Millard regains quickness but is waiting for contact

August 11, 1991|By Paul Domowitch | Paul Domowitch,Knight News Service

MANKATO, Minn. -- Keith Millard wants to be whole again.

He wants to be the unstoppable player he was two years ago when he ravaged quarterbacks to the tune of 18 sacks and was named the National Football League's Defensive Player of the Year.

He wants offensive linemen to get that same frantic look on their faces when they line up across from him that they got before that fateful day in the Metrodome last September when he suffered a serious knee injury.

"I want to be who I used to be," the Minnesota Vikings defensive tackle said. "I want to do what I used to do."

Ten months ago, Millard wasn't sure he would ever play again, let alone be who he used to be and do what he used to do. His career was abruptly put on hold in the fourth week of the 1990 season when he tore one ligament in his right knee and stretched another trying to leap over a blocker in a game against Tampa Bay.

"It's the reality of this game," Millard said between practices at the Vikings' Mankato State University training camp. "One minute you're at the top, the next you're back down at the bottom starting from ground zero."

The climb back to the top never is as quick as the fall from it. But Millard, 29, is determined to do it, the price be damned.

While many people associated with the Vikings, including head coach Jerry Burns, had their doubts as to whether Millard would dedicate himself to properly rehabilitating the knee, he has approached his comeback with untiring devotion.

"I'm starting from scratch," he said. "I've got to redeem myself. I've got to show these people that I can play again and be the Keith Millard of old, and maybe even a better one. I know this: Right now, I'm in the best shape I've ever been in. And my attitude is probably the best it's ever been."

A torn anterior cruciate ligament ordinarily takes about a year to completely heal. But Millard says his knee is stronger than it's ever been.

"I can do everything," he said. "I haven't lost anything as far as my quickness or my moves or anything. It's just that, when I do them, the knee's having a hard time getting acclimated to it.

"It gets a little irritated. It's not quite ready to accept that type of stress yet. I've got some swelling. And there's a lot of fluid on it. But I'm going to have to deal with that for a while."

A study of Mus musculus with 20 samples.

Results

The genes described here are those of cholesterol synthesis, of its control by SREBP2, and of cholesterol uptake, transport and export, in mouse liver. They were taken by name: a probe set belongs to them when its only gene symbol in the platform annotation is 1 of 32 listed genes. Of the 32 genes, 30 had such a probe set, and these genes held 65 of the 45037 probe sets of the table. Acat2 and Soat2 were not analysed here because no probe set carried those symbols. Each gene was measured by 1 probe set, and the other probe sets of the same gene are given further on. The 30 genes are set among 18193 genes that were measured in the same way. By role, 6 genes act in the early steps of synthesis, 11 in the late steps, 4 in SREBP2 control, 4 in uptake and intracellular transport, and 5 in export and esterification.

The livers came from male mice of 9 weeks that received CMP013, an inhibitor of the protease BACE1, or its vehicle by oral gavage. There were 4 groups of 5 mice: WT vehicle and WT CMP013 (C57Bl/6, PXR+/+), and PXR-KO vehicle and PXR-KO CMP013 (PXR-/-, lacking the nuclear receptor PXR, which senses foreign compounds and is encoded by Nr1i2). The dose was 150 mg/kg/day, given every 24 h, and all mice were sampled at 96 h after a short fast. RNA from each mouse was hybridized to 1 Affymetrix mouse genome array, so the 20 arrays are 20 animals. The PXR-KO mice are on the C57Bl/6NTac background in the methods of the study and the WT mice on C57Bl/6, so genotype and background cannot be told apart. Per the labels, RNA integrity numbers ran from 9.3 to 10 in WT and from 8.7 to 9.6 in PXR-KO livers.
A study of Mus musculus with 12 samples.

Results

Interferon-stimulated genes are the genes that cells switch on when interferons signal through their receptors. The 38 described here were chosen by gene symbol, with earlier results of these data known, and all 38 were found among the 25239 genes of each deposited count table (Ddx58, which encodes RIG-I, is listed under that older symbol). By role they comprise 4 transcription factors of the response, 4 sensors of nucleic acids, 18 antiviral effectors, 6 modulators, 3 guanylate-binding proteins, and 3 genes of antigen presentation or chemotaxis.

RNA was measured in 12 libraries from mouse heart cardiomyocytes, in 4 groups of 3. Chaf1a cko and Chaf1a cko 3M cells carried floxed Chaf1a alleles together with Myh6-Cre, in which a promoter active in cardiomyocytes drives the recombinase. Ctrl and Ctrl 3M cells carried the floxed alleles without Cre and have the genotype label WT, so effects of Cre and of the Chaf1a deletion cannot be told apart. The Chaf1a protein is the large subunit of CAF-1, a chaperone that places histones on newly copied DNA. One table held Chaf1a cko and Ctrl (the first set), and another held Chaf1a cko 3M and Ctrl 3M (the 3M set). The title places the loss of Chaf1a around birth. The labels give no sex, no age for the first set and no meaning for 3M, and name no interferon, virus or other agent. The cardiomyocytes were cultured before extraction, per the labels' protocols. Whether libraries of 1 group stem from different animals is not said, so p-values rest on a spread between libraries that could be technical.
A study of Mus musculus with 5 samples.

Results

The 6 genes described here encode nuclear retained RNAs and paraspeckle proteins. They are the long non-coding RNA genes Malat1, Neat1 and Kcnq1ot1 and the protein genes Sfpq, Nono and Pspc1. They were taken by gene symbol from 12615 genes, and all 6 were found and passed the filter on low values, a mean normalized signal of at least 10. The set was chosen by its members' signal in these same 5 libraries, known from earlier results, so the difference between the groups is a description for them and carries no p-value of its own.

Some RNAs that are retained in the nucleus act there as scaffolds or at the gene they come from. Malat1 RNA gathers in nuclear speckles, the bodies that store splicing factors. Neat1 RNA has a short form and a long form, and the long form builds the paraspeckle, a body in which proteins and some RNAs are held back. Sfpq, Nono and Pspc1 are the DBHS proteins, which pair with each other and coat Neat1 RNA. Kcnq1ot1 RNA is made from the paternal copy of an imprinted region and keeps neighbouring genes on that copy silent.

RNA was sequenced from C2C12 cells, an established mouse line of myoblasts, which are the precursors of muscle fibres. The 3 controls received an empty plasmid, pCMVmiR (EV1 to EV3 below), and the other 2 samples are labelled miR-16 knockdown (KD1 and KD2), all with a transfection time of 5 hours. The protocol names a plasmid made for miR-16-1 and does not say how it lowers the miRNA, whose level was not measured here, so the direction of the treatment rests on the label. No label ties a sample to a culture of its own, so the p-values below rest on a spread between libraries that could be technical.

The Vikings are keeping Millard out of most of the contact drills in camp. Despite his insistence that he is healthy, they don't want to take any chances on him reinjuring it.

"I'm keeping my fingers crossed that everything keeps going in a positive direction," Vikings defensive line coach Paul Wiggin said. "But the one thing we don't want to do, because he's a great player with great years still in front of him, is totally sacrifice the future for the here and now.

"We want to be overly protective of the here and now. So we're going to find ourselves making it seem like he's not quite as far back as he is."

Said Millard: "It's tough. I've got to hold back. This morning, I went through the individual stuff, then practice was over for me after that. I've got to sit there and watch team and one-on-one stuff. But it's early. I'm in shape and I'll stay in shape. It's just a matter of getting down there and playing football again. And that's just going to take time."

Millard's return is pivotal to the Vikings' Super Bowl hopes. With Millard in 1989, the Vikings' defense was one of the best in the NFL. It collected a league-high 71 sacks, gave up just 261.5 yards a game and held opposing ball carriers to a 3.6-yard per carry average. Last year, without Millard, the Vikings' sack total fell to 47, their yards-per-game average rose to 294.8 and the yards-per-carry average of opposing runners shot up to 4.1.

"We did a pretty good job of adjusting in his absence," Wiggin said. "But it just never was the same. It's like any team that loses a key player. It's like the Phillies losing Mike Schmidt in his heyday or something. All of a sudden, he's not there.

"He was the Defensive Player of the Year the year before. To lose that kind of player is a big blow."

After the surgery, to underscore the fact that he was starting from scratch, Millard took all of the trophies and plaques and football mementos that had decorated the den of his Redmond, Wash., home and stored them in a hall closet. They still are there.

There were some setbacks. As late as February, a Cybex test revealed that Millard still had only regained 70 percent of the strength in his knee. Three months after that, Millard tore adhesions in the knee playing basketball and had to have it drained. But he refused to get discouraged.

At the advice of Vikings trainer Fred Zamberletti, Millard did much of his running on AstroTurf to get his knee and mind reconditioned to the very surface that caused the injury.

"It was mostly for my psychological benefit," Millard said. "That's where I got injured. It's a grippy type of surface. Basically, the way I got hurt, nobody even touched me. I just got my foot caught in the turf.

"That can make you nervous. Especially when you know you weren't hit by anybody. So you've got to get used to it again. Especially considering the fact that we're going to have to play 10 of our 16 games on turf this season."

For Millard, the real test will eventually come when he plays in his first game.

"Keith isn't a slug player," Wiggin said. "He's a quickness-type player. His game is based so much on how fast he gets up[field], how his feet move. If that kind of player loses a step, he's in trouble. But what I've seen so far, the quickness is back."